Het Zinkstuk celebrates it's 50th anniversary

Coffee table book relives over 50 years of swimming and water polo association

Commissie Het Zinkstuk
The Zinkstuk commission who wrote the book. From left to right: Meike, Thijs (on screen), Anne, Paul, and Josine. Photo: Het Zinkstuk.

The idea for the book came about in 2020-2021. Het Zinkstuk's secretary at the time, UU student Meike (Education Sciences) found a pile of papers from the 1970s in the association's cupboard at Olympos. Her interest was piqued, but the proposal to write a book was nothing more than a pitch in a meeting because the association's board had a lot of work to do already.

A year and a half ago, the urge to do something about it came back. Alongside fellow association members Josine, Anne, Paul, and Thijs, Meike decided to bring the idea to life as a means to celebrate the association's upcoming 50th anniversary. 

“In the end, we were mostly curious about how we got to where we are now,” Paul explains. “If we were ever going to do something with this, the time was now. Most of those people are still around, which was an important factor contributing to our decision," adds Anne.

Old uniforms and scrapbooks 
What started with a folder filled with old paperwork and some names turned into interviews with around a hundred former members. “We spoke to members from the first few years who were surprised the association still existed,” Paul said. “We told them our story and showed them the website", recollects Meike. "They’d say: ‘Wow, we've built a legacy, haven't we?’”

“Some people had saved entire folders with pictures, posters, and uniforms from their Zinkstuk days,” Meike continues. “One of them even had an elaborate Zinkstuk scrapbook.” Josine adds, jokingly: “I've got to say: If social media didn't exist, I would probably make something similar.”

'Fifty years, really?'
When reading through UBlad's archives (that's DUB’s predecessor in print, Ed.), the committee found a reference to Het Zinkstuk from October 1969. At the time, the magazine wrote that the association was "launched into the water" – an expression that puts a smile on the athletes' faces. At the same time, the finding confused the five students because the association claimed that September 1, 1973, was its starting date. 

A member from the 1980s said that the book's authors shouldn’t worry too much about that. After all, the students had to write down a founding date when registering the association in the Chamber of Commerce. At the time, the students serving on Het Zinstuk's board knew the association had been around for some time, but they didn’t know exactly how long, so they wrote a random date.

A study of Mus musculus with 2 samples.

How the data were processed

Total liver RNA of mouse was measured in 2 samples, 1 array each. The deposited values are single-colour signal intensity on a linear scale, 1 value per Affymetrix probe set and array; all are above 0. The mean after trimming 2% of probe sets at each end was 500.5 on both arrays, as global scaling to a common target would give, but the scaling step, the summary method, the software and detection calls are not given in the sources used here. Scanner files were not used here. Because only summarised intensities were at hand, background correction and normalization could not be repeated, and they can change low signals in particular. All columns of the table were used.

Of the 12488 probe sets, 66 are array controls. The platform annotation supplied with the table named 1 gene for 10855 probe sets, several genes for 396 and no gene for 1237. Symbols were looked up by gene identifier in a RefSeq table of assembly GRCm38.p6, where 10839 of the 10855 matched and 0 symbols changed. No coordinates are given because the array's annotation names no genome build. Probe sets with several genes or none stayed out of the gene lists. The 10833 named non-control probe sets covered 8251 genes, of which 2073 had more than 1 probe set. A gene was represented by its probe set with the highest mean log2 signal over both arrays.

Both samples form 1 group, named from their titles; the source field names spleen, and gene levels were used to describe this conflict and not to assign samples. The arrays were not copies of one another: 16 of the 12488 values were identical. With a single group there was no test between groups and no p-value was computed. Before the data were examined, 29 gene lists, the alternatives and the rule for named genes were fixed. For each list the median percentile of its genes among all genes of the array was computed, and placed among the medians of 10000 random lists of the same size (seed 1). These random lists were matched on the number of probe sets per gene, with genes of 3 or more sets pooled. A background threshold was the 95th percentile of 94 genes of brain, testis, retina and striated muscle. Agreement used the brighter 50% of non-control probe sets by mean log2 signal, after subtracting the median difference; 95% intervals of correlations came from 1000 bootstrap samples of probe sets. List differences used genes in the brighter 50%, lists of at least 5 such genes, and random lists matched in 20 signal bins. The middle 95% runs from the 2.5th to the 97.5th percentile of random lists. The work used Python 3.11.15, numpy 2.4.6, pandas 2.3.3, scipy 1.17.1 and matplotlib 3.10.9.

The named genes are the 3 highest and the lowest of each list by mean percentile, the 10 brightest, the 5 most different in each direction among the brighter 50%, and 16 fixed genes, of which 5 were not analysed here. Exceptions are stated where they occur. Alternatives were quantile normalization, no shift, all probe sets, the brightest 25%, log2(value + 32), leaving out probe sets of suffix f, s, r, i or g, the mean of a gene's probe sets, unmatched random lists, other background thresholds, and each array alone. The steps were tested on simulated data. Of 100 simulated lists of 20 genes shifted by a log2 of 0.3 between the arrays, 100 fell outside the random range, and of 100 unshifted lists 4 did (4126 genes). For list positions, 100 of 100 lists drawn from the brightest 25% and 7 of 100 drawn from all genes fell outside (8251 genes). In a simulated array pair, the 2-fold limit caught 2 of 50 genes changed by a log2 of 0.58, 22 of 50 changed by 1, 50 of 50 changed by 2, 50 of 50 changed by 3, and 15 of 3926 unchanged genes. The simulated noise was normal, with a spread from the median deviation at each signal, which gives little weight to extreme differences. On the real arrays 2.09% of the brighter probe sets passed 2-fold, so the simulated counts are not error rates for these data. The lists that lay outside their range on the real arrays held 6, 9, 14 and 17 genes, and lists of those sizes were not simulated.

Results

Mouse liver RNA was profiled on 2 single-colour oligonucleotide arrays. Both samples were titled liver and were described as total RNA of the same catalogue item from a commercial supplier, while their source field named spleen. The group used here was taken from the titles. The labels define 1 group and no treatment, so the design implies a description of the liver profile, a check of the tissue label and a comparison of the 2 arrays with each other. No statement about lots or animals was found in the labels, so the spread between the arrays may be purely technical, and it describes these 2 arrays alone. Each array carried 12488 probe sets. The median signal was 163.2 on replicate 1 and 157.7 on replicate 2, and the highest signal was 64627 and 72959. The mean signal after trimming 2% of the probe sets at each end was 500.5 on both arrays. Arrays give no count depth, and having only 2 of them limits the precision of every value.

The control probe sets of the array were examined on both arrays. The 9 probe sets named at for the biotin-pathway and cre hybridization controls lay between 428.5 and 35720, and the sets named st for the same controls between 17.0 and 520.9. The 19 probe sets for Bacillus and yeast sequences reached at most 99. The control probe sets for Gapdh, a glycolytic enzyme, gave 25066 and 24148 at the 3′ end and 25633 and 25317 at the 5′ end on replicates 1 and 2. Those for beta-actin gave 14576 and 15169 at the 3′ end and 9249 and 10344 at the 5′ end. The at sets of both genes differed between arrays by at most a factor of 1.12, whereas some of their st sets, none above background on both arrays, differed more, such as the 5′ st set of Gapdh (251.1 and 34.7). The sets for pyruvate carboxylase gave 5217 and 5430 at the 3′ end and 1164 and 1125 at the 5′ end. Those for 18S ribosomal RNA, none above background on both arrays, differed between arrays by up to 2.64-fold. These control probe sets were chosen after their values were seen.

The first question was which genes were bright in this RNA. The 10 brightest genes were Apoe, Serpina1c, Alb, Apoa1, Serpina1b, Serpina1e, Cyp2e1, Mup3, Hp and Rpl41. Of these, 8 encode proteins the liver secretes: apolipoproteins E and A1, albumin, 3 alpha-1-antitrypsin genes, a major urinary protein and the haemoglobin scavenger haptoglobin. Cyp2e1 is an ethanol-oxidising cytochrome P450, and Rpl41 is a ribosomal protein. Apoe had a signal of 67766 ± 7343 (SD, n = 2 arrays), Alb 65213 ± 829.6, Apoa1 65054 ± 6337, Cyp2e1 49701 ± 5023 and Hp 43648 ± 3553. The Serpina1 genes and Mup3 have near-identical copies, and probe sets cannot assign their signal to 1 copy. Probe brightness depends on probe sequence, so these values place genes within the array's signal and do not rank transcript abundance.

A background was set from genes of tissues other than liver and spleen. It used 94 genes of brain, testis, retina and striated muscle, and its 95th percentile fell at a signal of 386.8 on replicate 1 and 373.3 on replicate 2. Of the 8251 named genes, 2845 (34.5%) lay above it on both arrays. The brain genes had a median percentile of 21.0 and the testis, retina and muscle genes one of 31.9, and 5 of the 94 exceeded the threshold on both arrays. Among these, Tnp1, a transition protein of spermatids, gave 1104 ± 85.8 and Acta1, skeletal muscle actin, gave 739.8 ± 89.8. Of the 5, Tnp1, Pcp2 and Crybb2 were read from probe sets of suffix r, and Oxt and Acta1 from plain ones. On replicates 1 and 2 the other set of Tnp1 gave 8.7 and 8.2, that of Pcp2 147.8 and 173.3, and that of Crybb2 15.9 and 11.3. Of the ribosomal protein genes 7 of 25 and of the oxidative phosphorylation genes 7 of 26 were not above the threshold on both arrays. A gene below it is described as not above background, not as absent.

The committee couldn't solve the mystery of Het Zinstuk's true starting date. “Maybe things like that weren’t that important to write down at the time,” Meike concludes. 

Breathing new life into the Alumni Association 
The five authors also discovered that there used to be an alumni association, founded around the turn of the century. “When we contacted the president of this association, he was surprised that he was still registered as a board member with the Chamber of Commerce,” Paul says. 

With Paul as a treasurer, they’re now breathing new life into this alumni association. “So, if any DUB readers were once part of Het Zinkstuk, they should visit zobot.nl.”

commissie leest Ubladen

The committee browses through old Ublad editions in the city centre library. Photo: courtesy of Het Zinkstuk. 

After a year and a half, they finally have it in their hands: a hardcover book with 104 pages filled with stories and photos. “A beautiful coffee table book, showing that many things have basically stayed the same", says Meike. “There’ve always been students who would swim or play water polo and then hang out once back on land.”

If anything has changed, it’s how the association has become a little more formal. “The time of careless or thoughtless administration is long gone. We have to follow so many rules now,” Paul explains. “Sometimes it feels more as though this is a company.”

Asked whether they’re proud of the book, Paul must stop and ponder for a moment. “Proud? Satisfied? It’s simply a beautiful book.”